Initial Coin Offerings (ICOs) are on a rapid and steady meteoric rise. ICOs currently account for a majority of blockchain-based startup companies, that’s far more than venture capitalists. With a large majority of ICOs taking place during the first quarter of 2017, the amount raised by this new type of finance to date is estimated to be close $2 billion. According to the CoinDesk State of the Blockchain report, ICOs raised $797 million in the second quarter of 2017 while venture capitalists scored a total of $235 million, that is $562 million less than ICOs. All-time ICO funding secured a standing of $1.78 billion.
It all begins with publishing a 10-page whitepaper, with no prototype or ready product, and before you realize it, each page is worth $1 million. A majority of the projects are from a wide range of industries, but most of them are technology platforms that provide services that would normally be provided by huge institutions which charge high fees.
Take CommerceBlock, with its ICO launching soon, the platform is a public blockchain infrastructure company that is architecting a platform that allows anyone to build and use financial products and services historically reserved for commercial banking customers.
Unlike Initial Public Offerings (IPOs) in traditional finance, ICOs are not intended to be security offerings. Many of ICOs don’t offer equity or ownership in the underlying company the way the traditional setting would be like. A majority of ICOs are intended to provide the buyers of the tokens with access to the platform and as a medium of payment for using the services of the blockchain based software. One example of such utility tokens is the CommerceBlock Tokens (CBT) to be issued by CommerceBlock. The token will be used for services in the CommerceBlock ecosystem, where clients will pay for services using CBTs.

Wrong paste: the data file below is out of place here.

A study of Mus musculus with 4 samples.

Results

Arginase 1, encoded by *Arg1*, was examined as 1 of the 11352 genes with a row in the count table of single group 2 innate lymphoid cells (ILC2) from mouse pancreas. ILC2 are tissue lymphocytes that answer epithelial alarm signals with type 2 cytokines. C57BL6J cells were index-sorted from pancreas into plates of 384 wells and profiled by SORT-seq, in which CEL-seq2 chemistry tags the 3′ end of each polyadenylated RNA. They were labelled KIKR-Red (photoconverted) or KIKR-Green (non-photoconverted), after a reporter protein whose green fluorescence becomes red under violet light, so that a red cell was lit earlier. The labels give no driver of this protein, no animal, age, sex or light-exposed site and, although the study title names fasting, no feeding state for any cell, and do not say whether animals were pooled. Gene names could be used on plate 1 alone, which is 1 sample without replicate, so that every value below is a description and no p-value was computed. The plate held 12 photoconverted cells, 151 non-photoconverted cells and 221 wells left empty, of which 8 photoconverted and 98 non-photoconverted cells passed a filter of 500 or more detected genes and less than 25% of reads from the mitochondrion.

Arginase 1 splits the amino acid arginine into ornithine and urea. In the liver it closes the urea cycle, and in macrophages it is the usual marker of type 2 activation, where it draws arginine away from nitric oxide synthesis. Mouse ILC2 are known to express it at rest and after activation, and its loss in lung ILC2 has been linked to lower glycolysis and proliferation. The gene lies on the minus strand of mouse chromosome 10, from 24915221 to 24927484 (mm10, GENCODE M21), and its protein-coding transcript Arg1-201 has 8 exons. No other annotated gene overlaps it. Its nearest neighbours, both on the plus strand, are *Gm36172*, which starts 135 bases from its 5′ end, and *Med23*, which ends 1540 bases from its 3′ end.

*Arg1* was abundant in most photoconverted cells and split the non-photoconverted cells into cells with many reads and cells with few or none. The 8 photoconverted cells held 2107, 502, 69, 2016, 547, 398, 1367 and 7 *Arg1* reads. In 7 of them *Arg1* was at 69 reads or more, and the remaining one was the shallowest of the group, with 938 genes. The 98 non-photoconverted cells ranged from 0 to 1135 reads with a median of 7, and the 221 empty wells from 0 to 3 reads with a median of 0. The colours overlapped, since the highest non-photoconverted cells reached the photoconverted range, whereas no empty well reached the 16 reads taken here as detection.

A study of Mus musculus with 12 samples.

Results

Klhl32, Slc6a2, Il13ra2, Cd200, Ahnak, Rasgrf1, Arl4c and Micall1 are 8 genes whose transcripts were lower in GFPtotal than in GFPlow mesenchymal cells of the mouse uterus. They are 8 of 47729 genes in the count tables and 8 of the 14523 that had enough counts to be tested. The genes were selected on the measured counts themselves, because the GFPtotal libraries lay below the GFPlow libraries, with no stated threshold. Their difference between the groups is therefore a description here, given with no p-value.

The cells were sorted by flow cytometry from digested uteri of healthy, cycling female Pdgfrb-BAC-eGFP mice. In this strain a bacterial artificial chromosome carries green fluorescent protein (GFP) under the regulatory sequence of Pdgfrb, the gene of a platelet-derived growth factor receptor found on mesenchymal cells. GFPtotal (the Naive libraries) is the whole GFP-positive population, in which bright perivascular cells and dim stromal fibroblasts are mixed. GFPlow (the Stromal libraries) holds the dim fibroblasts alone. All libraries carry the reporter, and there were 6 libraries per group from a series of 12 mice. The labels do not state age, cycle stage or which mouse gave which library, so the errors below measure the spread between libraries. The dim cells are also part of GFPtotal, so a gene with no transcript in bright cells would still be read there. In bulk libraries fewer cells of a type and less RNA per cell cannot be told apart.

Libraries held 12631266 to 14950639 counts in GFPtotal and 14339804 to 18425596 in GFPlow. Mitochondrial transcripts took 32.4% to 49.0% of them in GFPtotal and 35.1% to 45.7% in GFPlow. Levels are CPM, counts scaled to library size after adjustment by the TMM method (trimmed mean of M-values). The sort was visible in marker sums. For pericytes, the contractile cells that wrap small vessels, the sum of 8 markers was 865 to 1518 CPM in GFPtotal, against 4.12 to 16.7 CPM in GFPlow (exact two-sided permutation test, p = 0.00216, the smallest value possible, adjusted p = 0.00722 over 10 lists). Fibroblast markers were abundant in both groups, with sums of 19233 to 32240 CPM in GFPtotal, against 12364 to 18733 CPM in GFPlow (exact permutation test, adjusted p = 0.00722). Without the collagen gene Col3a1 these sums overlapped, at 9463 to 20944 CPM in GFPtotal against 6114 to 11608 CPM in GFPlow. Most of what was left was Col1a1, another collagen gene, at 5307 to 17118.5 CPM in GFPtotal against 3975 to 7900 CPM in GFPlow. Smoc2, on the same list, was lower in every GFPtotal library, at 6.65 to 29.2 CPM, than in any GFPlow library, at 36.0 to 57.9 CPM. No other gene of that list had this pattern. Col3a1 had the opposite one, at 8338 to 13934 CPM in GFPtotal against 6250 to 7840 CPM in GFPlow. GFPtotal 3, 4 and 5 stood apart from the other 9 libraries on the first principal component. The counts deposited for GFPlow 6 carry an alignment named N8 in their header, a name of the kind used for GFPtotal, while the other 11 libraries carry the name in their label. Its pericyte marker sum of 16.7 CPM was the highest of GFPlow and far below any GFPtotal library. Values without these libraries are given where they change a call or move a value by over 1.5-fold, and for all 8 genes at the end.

One of the driving forces for the growth of ICOs is the power of the blockchain technology and decentralization. Rather than building a new product on the centralized and database structures, ICO companies are banking on developments and innovations in blockchain technology to offer decentralized services and models, following the advent of the Bitcoin protocol, which enabled permission-less financial innovation. Going back to our CommerceBlock example, the company’s product offerings provide a suite of tools for virtually anyone to build and use service that constructs contracts, manage trade flows, engage in multiparty disputes management, issue assets, and hedge currency risk.